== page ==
As words come up in the course of the blog, I’ll be adding them here. If there is ever a word I use that isn’t clear, suggest I put a definition here. If, in your personal reading, you come across a theological word you don’t understand, please ask and I’ll try to put up a short useful definition.
Hermeneutics: The art and science of biblical interpretation. This is process we use translate the bible in its cultural idiom to our culture today.
Immutability: The idea that God never changes in any respect at all, ever, because doing so detracts from God’s perfection somehow. Rejected by many theologians in the 20th and 21st centuries.
Impassibility: Drawn from immutability, it argues that God doesn’t experience any emotion, because experiencing emotion would somehow detract from God’s perfection. Almost universally rejected by theologians in the 20th and 21st centuries.
Judaizers: A group of Jewish Christians in the first century church who argued that in order for Gentiles (non-Jews) to become Christian, they first had to become Jewish. This was accomplished primarily by circumcision, observance of food laws, and observance of Jewish Sabbath and holy days. We know they were the primary problem in the Galatian church, but it seems likely they were present in other churches as well. Paul, in particular, was adamant that they were mistaken because this added something to Grace under Christ and if there was something other than grace required for salvation, grace was no longer present. At root, what seems to be the problem is the understanding these Jewish Christians had of the mosaic law. They failed to recognize it as an intermediary grace, and instead took adherence to it (the law) as the primary means of salvation. The church at large rejected this teaching very early on.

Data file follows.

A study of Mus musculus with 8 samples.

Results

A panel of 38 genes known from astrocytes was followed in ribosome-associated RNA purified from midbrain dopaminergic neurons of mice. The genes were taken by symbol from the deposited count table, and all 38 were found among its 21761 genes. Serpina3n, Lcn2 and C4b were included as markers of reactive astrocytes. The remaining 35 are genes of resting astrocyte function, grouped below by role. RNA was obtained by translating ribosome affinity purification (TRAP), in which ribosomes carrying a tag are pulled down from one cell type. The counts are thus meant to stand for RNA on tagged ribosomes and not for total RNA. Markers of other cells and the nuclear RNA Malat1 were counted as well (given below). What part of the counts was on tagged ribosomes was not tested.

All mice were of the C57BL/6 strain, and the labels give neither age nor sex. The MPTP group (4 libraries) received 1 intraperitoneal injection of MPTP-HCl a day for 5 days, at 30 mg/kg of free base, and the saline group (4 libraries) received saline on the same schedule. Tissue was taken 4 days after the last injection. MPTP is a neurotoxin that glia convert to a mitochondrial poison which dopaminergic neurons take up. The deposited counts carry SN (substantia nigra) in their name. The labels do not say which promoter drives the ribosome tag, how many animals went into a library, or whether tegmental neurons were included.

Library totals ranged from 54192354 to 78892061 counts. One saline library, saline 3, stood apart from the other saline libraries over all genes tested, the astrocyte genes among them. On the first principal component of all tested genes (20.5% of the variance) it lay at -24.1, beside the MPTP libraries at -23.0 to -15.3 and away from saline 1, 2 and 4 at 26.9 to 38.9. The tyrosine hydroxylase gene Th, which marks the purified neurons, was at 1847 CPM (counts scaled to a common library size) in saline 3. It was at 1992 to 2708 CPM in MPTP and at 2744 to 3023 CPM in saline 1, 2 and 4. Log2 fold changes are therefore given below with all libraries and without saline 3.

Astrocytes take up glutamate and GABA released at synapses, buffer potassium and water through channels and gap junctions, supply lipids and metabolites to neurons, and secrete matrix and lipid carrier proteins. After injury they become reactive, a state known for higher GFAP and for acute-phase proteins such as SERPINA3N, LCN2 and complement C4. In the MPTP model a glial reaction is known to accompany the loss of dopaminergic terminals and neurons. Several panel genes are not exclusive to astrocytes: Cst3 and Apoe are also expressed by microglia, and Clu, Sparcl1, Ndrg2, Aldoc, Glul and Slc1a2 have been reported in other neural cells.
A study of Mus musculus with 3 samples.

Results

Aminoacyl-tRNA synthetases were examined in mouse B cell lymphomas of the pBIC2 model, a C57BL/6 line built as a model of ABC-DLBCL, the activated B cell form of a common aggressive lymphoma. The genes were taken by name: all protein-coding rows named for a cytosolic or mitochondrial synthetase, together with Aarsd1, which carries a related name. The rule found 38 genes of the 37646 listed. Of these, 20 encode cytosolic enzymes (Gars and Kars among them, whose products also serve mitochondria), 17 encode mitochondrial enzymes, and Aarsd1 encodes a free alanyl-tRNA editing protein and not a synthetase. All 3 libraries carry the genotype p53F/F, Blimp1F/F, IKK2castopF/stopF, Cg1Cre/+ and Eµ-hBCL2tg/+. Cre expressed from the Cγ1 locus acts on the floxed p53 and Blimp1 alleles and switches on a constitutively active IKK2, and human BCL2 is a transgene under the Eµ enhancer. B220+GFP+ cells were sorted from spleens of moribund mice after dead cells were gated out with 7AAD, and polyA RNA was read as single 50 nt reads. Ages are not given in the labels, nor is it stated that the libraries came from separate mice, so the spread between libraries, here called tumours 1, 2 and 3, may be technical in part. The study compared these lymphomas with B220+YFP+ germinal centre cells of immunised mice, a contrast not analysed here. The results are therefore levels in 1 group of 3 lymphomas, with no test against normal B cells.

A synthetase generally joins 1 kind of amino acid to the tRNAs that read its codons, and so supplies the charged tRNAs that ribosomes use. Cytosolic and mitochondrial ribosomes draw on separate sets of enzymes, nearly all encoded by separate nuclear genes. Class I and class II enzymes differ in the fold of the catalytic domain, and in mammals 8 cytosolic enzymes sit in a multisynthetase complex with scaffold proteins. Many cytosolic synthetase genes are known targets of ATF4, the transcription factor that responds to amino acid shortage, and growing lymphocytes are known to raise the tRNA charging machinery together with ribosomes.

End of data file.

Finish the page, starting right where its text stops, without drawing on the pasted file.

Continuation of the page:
NOMA: Non-Overlapping MAgisteria. The term created by Stephen Jay Gould to describe interaction between Science and Religion. According to him, they don’t interact because they have different areas of authority.
Theodicy: A “defense” or account of God and God’s existence, particularly of how God can be good, all powerful, and yet allow for horrendous evil
Septuagint: The primary Greek translation of the Hebrew Bible that was in use at the time of the writing of the New Testament.